Wheat Outlook: Stocks Tighten on Rising Domestic Use; Exports Hold Steady

Photo: Kansas State University

The latest USDA, National Agricultural Statistics Service (NASS) Grain Stocks report indicates second quarter all wheat ending stocks totaled 1,834 million bushels with implied September-November disapperance of 512 million bushels, 35 percent above the same period in 2018/19. Surging use in the second quarter is attributed to stronger exports year-to-year and higher-than-expected feed and residual use.

All wheat exports were raised last month to the current 975-million-bushel estimate on the observed pace of sales and brightened marketing opportunities. U.S. export prospects remain mostly favorable on developments in trade relations, the surging pace of durum exports, and cuts in production and exports for Russia and Australia.

However, on improving price competitiveness, wheat exports for the European Union are forecast to rise two million tons and are expected to inhibit further expansion of U.S. wheat sales abroad.

Domestic Outlook

Domestic Changes at a Glance:

  • The latest USDA, NASS Grain Stocks report indicates higher-than-expected disappearance through the first half of the marketing year, as reflected in the newly-issued December 1 stocks estimate.
    • At 1,834 million bushels, second quarter ending stocks are about 50 million bushels lower than previously forecast.
  • Feed and residual use is increased 10 million bushels on stronger-than-expected September-November disappearance.
  • All wheat ending stocks for 2019/20 are lowered 9 million bushels on higher net use.
  • USDA, NASS reports winter wheat seedings for the 2020/21 marketing year are expected to total 30.8 million acres, down 1 percent from 2019 (fig. 2).
    • The only lower total winter wheat planted area on record was in 1909.
  • Hard red winter wheat plantings are estimated down 3 percent from 2019, soft red winter wheat sowings are up 8 percent year-to-year, and white winter wheat seeded area is down 4 percent, relative to last year.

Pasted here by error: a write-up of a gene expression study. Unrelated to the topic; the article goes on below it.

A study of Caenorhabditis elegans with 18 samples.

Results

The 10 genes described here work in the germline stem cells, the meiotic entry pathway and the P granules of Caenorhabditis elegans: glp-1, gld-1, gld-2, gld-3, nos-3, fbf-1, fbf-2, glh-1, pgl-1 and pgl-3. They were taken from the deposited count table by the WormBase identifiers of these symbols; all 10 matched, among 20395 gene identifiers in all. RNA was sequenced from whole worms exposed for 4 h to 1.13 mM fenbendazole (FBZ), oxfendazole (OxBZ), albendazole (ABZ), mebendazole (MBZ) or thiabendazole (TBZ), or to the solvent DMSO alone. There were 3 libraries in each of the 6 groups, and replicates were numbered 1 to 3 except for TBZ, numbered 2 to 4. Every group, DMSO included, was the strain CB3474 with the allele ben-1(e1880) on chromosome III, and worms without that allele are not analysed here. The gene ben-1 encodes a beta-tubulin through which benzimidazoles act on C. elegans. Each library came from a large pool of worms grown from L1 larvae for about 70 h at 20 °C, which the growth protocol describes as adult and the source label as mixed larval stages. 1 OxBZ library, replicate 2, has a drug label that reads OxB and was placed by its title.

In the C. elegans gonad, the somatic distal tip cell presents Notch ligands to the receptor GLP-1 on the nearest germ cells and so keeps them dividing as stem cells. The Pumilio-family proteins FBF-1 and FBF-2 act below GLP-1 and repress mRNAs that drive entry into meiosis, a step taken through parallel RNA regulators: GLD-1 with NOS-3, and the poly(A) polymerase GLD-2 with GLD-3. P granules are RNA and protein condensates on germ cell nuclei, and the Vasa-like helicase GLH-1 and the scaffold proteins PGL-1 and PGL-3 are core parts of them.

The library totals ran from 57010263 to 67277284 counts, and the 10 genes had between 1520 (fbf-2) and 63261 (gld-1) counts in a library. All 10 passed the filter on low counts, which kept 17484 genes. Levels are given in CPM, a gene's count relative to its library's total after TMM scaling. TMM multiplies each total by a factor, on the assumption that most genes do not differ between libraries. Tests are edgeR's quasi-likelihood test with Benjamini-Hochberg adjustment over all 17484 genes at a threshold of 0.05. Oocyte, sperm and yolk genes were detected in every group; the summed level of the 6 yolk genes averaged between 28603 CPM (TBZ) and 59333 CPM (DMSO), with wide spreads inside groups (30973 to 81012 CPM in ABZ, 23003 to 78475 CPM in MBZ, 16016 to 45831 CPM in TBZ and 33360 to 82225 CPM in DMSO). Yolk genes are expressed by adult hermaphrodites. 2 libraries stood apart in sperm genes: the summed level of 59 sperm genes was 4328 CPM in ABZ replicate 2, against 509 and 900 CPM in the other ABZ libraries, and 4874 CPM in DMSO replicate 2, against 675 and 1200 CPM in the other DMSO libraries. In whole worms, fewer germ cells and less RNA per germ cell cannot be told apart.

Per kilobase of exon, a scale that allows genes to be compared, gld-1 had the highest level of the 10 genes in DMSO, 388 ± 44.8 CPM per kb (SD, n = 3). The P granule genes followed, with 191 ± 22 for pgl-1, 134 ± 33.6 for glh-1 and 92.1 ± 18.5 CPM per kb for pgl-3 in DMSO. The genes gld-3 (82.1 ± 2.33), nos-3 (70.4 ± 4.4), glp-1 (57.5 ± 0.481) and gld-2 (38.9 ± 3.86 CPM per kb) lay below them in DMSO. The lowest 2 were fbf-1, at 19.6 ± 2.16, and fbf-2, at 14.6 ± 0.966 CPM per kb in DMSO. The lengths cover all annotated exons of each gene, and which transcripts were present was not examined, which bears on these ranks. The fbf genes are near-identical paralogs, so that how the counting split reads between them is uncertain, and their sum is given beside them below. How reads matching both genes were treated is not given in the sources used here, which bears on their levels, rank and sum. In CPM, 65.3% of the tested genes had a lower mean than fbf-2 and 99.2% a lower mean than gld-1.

• The U.S. season-average farm price is unchanged and remains at $4.55 per bushel.
    • To date, approximately 70 percent of the 2019/20 wheat crop has been marketed.

NASS Forecasts 2020 Winter Wheat Seedings to be Lowest in 110 years

Based primarily on survey data obtained from 78,600 farm operators during the first two weeks of December, USDA, NASS estimates that winter wheat seeded area for 2020 will total 30.8 million acres, down 1 percent from 2019. Area planted is forecast to fall year-to-year in Colorado (down 12 percent), Montana (down 20 percent), Oregon (down 5 percent), and Washington (down 3 percent). Notably, for major winter wheat producing States, Kansas and Oklahoma, area planted to winter wheat is unchanged year-to-year.

By class, hard red winter (HRW) wheat area planted is forecast to total 21.8 million acres, down from 22.5 million acres in 2019. HRW area planted is forecast to be record-low in Nebraska and Utah. Soft red winter (SRW) area planted totals 5.64 million acres, up 8 percent on expanded seedings in most SRW-producing States. SRW production was substantially below-average in 2019/20 and ending stocks are the tightest since 2007/08.

Under assumption of normal weather, the surge in SRW plantings is expected to aid in replenishing supplies in the outyear. White winter wheat seeded area is forecast at 3.37 million acres, down 4 percent from 2019. Winter white wheat production typically comprises about 85 percent of all white wheat and about 12 percent of total all wheat production.

Stocks Report Reveals Strong Second Quarter Use

USDA, NASS’ latest Grain Stocks report indicated September to November disappearance of 512 million bushels, the largest second quarter disappearance since the 2010/11 marketing year and 132 million bushels ahead of 2018/19. Exports in the second quarter have been robust and supported an earlier (December) upward revision of the all wheat export figure. In recent weeks, U.S. wheat prices have strengthened as key competitor EU’s prices have become relatively softer, limiting further upward potential for U.S. exports, which remain at 975 million bushels this month.


In 2019/20, abundant durum carryin from the year prior has helped to create substantial exportable supplies, despite production that was the lowest since 2011/12. A sizable reduction in EU durum production has created a number of sales opportunities, most notably to the pasta-making capital of the world: Italy. More than 15 million bushels of durum were exported in the second quarter of 2019, with about three-fourths of those exports bound for Italy.

On the basis of stronger-than-expected wheat disappearance, the 2019/20 all wheat feed and residual estimate is raised 10 million bushels to 150 million. Hard red spring and soft red winter wheat feeding are both raised 5 million bushels.

Wheat Price Holds Steady on Seasonal Price Improvement

The all-wheat season average farm price (SAFP) remains projected at $4.55 per bushel. Futures prices advanced some on promising trade developments and expectations of lower winter wheat sowings, year-to-year, while cash prices firmed in accordance with anticipated price movements. With an estimated 70 percent of the 2019/20 wheat crop marketed through the end of December, month-to-month cash price strengthening would need to be substantial to markedly advance the SAFP.